You Will Never Forget Atom Egoyan’s Dementia/Holocaust/Thriller REMEMBER

by Frank Calvillo

I can only imagine how hard of a sell the makers of Remember had to make to convince financiers and distributors to take a chance on their project in an age of moviemaking where those with power are afraid to roll the dice. The idea of a film starring an octogenarian actor, which deals with the quest for revenge, the far reaching effects of Nazi Germany and the tragedy of dementia, would no doubt prove a risky venture for most investors and film executives. However, one of them thankfully ended up saying yes, and because of that, Remember exists as not only a sharp comment on all of the above, but also one of the best thrillers to come along in quite some time.

In Remember, 90-year-old Zev (Christopher Plummer) is a recently-widowed Jewish man living in a retirement home who cannot remember his own wife’s death as a result of his growing dementia. Following the end of Shivah, Zev’s closest friend, the wheelchair-bound Max (Martin Landau) gives Zev a set of instructions to a plan the two holocaust survivors have been working on — to take out the guard responsible for the deaths of their families during their time as prisoners at Auschwitz. As Zev sets out to locate the last surviving guard from their camp, he revisits one of the darkest periods of his life as his mind continues to be clouded with the illness taking him over.

From the opening of the film and throughout the course of the story, Remember perfectly illustrates the harshness of dementia and what it does: allowing those afflicted with it to remember little things, but forget certain special and important parts of life. This is especially true in Zev’s case when he visits the homes of the various men who might be his former prison guard. Each visit requires so much emotionally from Zev, dredging up the past in ways he never imagined as if he’s living the torment all over again right then and there. Meanwhile, aspects such as Zev continuously calling out for his wife and hearing the sounds of war play out in his head add to the film’s representation of the disease. The saddest moment of these occurs with Zev in the hospital after experiencing a fall. A girl visiting her ailing father in the next bed finds the letter Max wrote to Zev in the event he should forget where his is and what he’s doing. Hearing the little girl read the letter aloud to Zev is a telling and sad moment of what dementia does to people, namely having to relive painful memories, as well as the even larger task of clinging to your identity.

In the future, Remember will also be seen as a highly unique tale of the holocaust largely due to it’s interesting comment on how those who survived it changed their ideologies about their part in the war or sometimes, still feel just as strongly about what they did. While the first suspect Zev finds is not the guard he is looking for, the remorse he displays is great and real. When the second hospital-bound suspect reveals himself to have been a prisoner, not a guard before whispering: “homosexual” to Zev and points to himself, the latter collapses into his arms sobbing for the respective horrors both men endured. It’s amazing how the image of a mentally fragile and frail old man disappears when Zev visits a deceased suspect’s house. He is so full of quiet rage and anger that he is about to explode, especially when he sees how the dead guard’s son (Dean Norris) has proudly kept mountains of his fathers Nazi paraphernalia.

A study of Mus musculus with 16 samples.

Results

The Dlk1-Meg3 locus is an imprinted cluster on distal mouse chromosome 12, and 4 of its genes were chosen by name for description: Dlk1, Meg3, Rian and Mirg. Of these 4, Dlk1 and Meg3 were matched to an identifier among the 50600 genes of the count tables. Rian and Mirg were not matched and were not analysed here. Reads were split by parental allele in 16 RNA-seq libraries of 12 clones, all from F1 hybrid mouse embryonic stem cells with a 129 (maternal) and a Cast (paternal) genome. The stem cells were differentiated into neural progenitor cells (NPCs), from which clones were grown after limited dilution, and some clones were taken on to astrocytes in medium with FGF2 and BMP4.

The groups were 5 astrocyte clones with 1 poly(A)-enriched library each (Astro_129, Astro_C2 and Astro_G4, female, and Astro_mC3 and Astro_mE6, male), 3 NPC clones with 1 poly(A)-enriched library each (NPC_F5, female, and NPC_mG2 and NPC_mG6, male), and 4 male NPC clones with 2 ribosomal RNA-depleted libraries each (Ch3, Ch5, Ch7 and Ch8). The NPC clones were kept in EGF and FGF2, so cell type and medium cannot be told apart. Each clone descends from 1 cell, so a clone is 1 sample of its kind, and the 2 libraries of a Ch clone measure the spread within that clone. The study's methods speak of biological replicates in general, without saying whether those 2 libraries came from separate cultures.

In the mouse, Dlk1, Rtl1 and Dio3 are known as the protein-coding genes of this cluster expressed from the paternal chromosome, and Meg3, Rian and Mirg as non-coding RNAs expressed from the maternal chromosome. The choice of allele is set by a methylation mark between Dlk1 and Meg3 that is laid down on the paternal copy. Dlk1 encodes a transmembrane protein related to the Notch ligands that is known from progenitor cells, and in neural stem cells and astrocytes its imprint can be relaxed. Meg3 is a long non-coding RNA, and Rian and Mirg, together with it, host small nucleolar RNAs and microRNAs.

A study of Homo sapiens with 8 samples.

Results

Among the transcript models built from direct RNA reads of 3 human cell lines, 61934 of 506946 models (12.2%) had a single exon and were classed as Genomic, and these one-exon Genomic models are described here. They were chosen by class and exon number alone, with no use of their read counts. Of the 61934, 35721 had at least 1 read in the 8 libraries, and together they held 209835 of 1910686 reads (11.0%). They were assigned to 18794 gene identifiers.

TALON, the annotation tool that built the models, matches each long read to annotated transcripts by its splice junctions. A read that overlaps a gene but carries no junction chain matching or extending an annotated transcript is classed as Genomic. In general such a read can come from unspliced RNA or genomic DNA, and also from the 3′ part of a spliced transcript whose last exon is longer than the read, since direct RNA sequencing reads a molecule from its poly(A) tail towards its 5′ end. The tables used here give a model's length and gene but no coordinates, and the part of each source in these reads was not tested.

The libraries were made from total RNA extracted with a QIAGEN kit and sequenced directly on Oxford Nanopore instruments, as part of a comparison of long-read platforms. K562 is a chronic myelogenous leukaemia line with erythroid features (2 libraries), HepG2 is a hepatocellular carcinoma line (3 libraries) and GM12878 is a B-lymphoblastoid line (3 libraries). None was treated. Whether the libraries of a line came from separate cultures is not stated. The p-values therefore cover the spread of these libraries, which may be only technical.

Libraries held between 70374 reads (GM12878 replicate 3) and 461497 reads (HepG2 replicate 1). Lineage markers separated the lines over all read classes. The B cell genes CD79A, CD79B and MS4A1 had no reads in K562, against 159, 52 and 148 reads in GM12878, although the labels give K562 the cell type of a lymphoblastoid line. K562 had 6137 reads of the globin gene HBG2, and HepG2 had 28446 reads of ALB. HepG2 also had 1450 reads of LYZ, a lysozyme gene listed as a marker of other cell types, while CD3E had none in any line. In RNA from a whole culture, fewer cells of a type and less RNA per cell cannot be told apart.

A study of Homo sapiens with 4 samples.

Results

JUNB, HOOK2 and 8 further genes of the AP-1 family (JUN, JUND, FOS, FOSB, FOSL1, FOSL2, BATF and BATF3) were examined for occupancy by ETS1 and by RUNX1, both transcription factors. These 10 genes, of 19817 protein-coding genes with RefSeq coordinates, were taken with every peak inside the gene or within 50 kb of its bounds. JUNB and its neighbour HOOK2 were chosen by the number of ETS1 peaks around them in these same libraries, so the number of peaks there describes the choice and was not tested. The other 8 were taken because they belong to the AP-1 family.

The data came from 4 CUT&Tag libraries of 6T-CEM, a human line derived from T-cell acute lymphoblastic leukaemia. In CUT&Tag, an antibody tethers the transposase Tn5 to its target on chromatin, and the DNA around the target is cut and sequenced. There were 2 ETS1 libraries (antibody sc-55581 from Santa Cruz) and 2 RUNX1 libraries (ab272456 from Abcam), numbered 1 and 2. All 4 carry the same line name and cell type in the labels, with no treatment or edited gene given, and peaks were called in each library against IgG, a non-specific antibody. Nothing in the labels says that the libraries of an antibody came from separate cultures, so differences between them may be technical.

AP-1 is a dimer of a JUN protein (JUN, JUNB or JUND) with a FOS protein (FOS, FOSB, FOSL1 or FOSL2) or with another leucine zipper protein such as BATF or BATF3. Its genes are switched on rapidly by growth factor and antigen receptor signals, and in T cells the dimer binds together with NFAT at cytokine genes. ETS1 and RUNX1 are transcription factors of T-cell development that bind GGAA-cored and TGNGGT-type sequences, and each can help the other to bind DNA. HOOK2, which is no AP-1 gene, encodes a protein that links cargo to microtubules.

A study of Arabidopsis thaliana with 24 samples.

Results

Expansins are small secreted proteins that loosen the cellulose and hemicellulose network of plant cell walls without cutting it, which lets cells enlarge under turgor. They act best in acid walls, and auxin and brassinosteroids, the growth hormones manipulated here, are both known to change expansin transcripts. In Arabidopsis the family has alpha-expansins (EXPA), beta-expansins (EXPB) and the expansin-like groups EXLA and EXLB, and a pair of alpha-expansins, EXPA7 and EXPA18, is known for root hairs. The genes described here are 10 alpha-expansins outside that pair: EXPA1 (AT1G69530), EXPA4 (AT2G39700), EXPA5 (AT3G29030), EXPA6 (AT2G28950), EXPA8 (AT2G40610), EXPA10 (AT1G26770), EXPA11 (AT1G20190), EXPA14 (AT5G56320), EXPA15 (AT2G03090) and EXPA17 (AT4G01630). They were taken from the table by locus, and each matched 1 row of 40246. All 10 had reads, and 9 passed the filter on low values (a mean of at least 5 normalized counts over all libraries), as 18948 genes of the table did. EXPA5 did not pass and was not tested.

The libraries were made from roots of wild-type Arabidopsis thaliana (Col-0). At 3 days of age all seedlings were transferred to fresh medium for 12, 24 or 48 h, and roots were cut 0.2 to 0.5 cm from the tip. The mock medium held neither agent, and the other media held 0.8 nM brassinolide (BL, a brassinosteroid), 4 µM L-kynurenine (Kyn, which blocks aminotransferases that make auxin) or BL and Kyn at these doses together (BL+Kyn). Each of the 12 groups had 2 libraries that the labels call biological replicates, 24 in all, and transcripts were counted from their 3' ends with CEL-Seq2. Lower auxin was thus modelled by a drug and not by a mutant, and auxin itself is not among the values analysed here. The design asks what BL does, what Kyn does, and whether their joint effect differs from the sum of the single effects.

It’s almost a given that both Plummer and Landau are beyond spectacular in their roles. This is especially true of the former, who seamlessly carries the film on his shoulders, remaining the kind of magnetic film presence he’s always been. All the supporting actors rise up to the seasoned pros and the material, but it’s Norris who shines the most in what could possibly be one of his best turns.

I totally loved the way in which Remember flows from a melancholic drama to an intriguing thriller almost imperceptibly. However it’s the incredibly harrowing ending which mixes the two themes that will stay with anyone who is lucky enough to watch this film. The climax works spectacularly well for a film belonging to the thriller genre, especially one which deals in this particular subject, making sure it never once shortchanges its characters. Although, the nature of the ending proves so incredibly gut wrenching, even by genre standards, illustrating one of the ultimate forms of revenge, but also says a great deal about the torment that generation faced as they got older.

The Package

Three special features accompany the Blu-ray of Remember. The first, Performances of the Past, chronicles the making of the film with insights from cast and crew. The second, A Tapestry of Evil: Remembering the Past delves into the historical aspects of the film using holocaust experts who detail how the idea of bringing war criminals to justice started, while August also talks about his inspiration for the film, including the inserting of certain elements of the holocaust throughout the story. A commentary track featuring director Atom Egoyan, screenwriter Benjamin August and producer Robert Lantos rounds out the special features.

The Lowdown

The tragedy of the holocaust, and the devastating aspects of dementia are explored in one of the most taut thrillers of 2015.

Remember is now available on Blu-Ray and DVD from Lionsgate.

Originally published at on August 8, 2016.